An emergency effort is kicking off next week to help save endangered smalltooth sawfish, as their reported deaths has risen to 28.

The National Oceanic and Atmospheric Administration announced Wednesday that it will begin a program to rescue and rehabilitate distressed sawfish to prevent further loss of the species.

In a press release announcing the effort, NOAA explained that it would be the first of its kind.

"If the opportunity presents itself, this would be the first attempt ever to rescue and rehabilitate smalltooth sawfish from the wild," said Adam Brame, NOAA Fisheries' sawfish recovery coordinator.

In addition to the 28 mortalities, at least 109 sawfish have been reported acting abnormally.

"We suspect that total mortalities are greater, since sawfish are negatively buoyant and thus unlikely to float after death," said Brame.

Separately, observers have also counted at least 40 fish species showing strange spinning behaviors.

"We've gotten multiple reports of fish swimming, erratically, whirling behavior... most of these fish are not dying," explained Gil McCrae, the director of FWC's Fish and Wildlife Research Institute.

The agency has not directly connected the deaths of the endangered smalltooth sawfish and the erratic fish behavior, but the investigation is ongoing.

According to the FWC's Abnormal Fish Behavior Event dashboard, the agency has sent 52 fish and 12 smalltooth sawfish to the University of South Alabama for analysis since late last year.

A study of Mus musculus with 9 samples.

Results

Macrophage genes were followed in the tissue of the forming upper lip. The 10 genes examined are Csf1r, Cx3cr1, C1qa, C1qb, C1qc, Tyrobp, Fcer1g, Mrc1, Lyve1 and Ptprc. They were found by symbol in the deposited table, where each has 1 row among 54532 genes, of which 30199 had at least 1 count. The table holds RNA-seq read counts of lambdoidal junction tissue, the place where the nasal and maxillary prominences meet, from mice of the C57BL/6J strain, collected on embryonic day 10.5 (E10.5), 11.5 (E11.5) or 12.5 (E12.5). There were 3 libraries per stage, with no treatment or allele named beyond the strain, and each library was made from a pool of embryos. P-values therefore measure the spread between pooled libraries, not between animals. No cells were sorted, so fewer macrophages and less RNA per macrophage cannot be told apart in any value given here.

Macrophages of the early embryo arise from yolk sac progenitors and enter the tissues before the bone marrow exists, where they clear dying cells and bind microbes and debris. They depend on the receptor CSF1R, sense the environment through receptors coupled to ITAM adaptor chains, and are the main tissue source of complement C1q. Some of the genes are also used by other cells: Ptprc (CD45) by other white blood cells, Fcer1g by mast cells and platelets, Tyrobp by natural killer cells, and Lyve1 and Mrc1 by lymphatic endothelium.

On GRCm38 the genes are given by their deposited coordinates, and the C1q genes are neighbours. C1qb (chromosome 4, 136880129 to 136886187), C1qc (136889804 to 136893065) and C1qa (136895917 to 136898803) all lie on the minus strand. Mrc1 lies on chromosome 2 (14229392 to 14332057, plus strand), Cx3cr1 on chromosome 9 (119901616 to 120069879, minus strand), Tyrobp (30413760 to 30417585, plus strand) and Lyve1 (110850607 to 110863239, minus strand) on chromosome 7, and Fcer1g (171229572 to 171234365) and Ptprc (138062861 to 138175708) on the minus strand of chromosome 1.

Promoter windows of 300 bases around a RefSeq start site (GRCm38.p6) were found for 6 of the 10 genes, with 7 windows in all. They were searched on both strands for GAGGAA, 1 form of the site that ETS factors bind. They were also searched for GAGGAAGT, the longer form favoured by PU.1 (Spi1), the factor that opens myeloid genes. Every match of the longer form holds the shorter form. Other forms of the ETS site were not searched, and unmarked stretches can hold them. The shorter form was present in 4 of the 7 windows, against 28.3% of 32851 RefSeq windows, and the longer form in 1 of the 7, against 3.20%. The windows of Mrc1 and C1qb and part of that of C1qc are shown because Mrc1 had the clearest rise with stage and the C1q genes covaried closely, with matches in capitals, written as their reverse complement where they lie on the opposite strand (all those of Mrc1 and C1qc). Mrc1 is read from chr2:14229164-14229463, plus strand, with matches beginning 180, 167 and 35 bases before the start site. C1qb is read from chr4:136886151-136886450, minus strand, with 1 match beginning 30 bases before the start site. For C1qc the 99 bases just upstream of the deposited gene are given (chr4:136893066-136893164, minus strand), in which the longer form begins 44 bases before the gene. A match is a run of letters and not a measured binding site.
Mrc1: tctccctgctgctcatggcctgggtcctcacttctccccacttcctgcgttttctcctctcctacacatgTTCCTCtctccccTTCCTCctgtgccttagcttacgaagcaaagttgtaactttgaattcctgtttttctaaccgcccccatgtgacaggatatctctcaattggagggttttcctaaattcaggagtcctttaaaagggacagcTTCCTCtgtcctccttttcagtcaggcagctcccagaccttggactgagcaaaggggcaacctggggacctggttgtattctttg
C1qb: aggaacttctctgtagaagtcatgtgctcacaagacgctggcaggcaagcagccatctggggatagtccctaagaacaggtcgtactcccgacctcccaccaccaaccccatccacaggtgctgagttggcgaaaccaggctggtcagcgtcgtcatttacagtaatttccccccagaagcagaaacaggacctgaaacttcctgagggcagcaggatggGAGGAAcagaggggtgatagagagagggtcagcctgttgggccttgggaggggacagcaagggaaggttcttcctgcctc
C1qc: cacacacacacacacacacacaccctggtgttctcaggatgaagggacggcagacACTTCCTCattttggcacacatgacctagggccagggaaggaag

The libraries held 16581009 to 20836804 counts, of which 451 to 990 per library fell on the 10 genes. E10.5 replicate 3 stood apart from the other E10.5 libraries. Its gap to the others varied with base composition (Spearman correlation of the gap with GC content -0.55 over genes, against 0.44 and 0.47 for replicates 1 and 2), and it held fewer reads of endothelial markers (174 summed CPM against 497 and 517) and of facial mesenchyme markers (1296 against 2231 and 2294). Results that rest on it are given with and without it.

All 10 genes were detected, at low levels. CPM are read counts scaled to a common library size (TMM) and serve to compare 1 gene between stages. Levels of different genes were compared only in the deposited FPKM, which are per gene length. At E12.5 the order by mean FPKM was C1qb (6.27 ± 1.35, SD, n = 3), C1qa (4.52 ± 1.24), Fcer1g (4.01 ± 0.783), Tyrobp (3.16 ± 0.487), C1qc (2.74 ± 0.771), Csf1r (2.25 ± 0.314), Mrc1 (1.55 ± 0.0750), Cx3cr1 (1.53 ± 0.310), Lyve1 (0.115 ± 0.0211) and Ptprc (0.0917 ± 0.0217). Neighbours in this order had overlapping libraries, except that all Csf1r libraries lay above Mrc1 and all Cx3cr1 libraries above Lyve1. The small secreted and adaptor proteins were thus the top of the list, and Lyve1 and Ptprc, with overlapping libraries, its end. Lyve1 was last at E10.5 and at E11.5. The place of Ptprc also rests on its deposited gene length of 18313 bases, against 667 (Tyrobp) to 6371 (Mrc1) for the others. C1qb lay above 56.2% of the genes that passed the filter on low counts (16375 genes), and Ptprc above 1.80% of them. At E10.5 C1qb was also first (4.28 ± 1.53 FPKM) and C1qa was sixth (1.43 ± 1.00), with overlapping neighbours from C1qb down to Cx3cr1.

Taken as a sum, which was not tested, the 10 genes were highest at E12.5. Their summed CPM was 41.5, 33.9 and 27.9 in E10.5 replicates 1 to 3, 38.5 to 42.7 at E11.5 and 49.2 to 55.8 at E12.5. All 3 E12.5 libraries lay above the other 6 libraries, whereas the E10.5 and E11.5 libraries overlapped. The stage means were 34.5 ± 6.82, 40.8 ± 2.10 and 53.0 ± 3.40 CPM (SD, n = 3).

In a Facebook live hosted by Bonefish & Tarpon Trust last week, Dr. Alison Robertson, Associate Professor of Marine Sciences at the University of South Alabama explained some of the other experiments her lab is conducting for this research.

"We're going to collect a lot of water from affected places," she said. "And we're going to try and do controlled experiments with fish from non-affected areas, to see if we can reproduce those behavioral effects."

While the cause of these bizarre behaviors is still unknown, scientists have focused their attention on elevated levels of a toxin in the gambierdiscus family.

It is important to note that Local 10 News is not aware of any cases of human illness related to this abnormal fish behavior event. But scientists do advise if you see a fish swimming erratically, it is best to avoid eating it.